Benefits of Hydrotherapy
Hydrotherapy could be an integral part of the supports which help People with Disability to stay healthy and happy – ranging from physical disability right through to cognitive.
- Hydrotherapy can offer a host of benefits for people with disability
- The focus is on building strength and skills and it can improve physical and mental health
- It can be used by people of almost any ability
- Hydrotherapy involves doing exercises in a swimming pool which are tailored to individual needs, and tend to be slower and softer than regular swimming.
- The pool is heated to a higher temperature and the focus is on building strength and skills, not necessarily stamina or fitness.
- The therapy is usually provided by a physiotherapist or exercise physiologist and depending on needs the person with disability may have individual or group sessions.
- It is suitable for children of a young age right through to older adults as all exercises are fitted to the individual.
What is hydrotherapy good for?
- Hydrotherapy is a way of exercising which is less stressful for joints, bones and muscles as in the water the body is buoyant and you don’t have to support your own weight.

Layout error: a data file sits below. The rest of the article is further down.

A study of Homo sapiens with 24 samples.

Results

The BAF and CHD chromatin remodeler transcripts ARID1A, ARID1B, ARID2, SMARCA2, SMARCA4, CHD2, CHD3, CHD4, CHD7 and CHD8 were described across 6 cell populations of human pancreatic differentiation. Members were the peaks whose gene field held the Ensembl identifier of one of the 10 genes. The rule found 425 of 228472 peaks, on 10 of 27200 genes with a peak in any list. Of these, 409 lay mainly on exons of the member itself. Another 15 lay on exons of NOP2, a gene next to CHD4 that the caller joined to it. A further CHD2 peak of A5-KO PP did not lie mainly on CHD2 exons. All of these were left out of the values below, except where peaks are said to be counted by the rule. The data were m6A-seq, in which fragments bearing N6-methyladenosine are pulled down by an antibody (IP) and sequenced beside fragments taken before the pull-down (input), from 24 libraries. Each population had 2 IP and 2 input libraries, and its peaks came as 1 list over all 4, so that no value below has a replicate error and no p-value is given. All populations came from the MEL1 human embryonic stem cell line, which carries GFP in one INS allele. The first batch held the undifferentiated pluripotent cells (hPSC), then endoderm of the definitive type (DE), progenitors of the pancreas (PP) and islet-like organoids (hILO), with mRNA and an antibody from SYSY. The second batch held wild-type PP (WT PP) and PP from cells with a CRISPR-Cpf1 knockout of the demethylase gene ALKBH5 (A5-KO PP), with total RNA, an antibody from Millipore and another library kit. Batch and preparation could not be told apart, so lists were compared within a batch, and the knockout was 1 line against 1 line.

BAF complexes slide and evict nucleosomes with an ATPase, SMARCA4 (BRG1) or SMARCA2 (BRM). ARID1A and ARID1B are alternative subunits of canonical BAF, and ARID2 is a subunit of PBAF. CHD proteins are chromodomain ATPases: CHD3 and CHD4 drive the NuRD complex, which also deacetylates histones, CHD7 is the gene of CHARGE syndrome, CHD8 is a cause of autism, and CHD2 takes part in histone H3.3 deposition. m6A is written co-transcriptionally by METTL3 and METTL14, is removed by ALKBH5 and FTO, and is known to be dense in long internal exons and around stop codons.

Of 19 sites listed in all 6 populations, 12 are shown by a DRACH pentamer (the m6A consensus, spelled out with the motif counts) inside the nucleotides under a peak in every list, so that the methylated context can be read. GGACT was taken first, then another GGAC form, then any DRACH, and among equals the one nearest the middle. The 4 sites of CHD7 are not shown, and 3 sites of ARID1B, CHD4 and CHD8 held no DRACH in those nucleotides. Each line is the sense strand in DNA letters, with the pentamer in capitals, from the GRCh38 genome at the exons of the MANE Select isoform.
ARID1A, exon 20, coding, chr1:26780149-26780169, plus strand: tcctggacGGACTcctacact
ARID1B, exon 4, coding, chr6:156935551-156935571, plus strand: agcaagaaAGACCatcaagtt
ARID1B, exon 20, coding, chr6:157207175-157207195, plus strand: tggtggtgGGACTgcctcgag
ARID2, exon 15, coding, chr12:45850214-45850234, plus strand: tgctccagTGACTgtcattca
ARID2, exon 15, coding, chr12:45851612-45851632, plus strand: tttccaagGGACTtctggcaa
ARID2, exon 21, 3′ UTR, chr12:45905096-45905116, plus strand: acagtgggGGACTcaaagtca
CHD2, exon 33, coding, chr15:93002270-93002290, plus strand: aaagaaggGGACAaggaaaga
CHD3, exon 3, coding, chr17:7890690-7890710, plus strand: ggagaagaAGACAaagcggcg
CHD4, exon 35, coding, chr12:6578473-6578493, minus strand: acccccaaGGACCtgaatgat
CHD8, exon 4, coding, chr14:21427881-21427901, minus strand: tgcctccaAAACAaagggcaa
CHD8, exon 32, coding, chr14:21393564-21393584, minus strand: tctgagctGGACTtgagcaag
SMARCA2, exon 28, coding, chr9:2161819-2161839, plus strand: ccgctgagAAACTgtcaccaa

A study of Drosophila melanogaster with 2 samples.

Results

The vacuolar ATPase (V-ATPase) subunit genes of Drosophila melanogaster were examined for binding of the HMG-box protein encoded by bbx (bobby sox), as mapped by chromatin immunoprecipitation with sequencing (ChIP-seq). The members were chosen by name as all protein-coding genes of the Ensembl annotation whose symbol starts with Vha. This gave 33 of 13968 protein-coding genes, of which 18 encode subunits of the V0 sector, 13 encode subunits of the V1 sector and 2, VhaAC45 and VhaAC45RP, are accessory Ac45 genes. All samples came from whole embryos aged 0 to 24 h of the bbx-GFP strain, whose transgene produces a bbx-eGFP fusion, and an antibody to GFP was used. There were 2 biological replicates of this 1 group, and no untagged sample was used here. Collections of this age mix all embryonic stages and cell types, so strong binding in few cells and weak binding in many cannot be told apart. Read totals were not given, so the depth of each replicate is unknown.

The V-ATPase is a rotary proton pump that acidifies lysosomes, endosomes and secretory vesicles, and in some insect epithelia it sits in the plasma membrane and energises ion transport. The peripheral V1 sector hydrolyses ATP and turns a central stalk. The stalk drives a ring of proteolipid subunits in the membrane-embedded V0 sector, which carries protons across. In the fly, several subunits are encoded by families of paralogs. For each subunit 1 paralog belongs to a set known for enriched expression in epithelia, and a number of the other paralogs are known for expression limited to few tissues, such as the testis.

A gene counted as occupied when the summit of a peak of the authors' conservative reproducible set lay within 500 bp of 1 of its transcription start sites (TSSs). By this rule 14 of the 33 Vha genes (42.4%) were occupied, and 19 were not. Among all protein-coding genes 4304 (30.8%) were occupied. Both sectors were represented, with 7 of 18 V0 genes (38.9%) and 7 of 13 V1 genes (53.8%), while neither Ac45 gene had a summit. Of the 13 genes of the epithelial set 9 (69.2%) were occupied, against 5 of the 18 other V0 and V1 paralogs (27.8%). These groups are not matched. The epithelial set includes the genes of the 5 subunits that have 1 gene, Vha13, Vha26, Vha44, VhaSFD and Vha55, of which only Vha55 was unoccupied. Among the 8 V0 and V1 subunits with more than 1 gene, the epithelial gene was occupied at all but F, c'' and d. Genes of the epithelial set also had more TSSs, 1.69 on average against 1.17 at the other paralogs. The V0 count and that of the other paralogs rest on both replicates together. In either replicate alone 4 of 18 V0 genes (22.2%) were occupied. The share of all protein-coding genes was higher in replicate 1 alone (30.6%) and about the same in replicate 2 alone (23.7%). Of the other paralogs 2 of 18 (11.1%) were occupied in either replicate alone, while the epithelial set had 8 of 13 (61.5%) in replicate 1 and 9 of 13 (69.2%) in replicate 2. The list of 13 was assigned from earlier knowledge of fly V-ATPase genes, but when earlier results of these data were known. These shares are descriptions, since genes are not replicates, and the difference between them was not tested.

- The pool is also set to a warm temperature of around 32-34 degrees to increase circulation, relax muscles and decrease swelling, help with muscle spasms, and reduce or remove pain, including arthritis pain.
- This means hydrotherapy can be ideal for people with disability who have limited mobility or movement in parts of their body, or who have undergone surgery and need rehabilitation.
- It is often used by people with cerebral palsy, for its ability to improve muscle strength with freedom of movement, but it is not limited to use by people with specific conditions.
Benefits of hydrotherapy include:
- Building gross motor skills such as strength, balance and coordination
- Building fine motor skills such as grip, hand and finger strength
- Improving range of motion in joints
- Increasing aerobic capacity
- Exercising without pain or restricted movement
- Working on communication skills including following instructions and expressing emotions
- Improving posture
- Using hydrotherapy sessions can also help to build skills which are not related to physical ability.
- In particular, hydrotherapy exercises can develop confidence in a person’s own abilities.
- Attending the sessions, especially if they are group sessions or held in a pool which other members of the community are using, can boost social inclusion, independence and confidence in accessing the local community.
- If a disability affects movement in everyday life, exercising in water can feel liberating, improve mood and overall wellbeing and increase quality of life.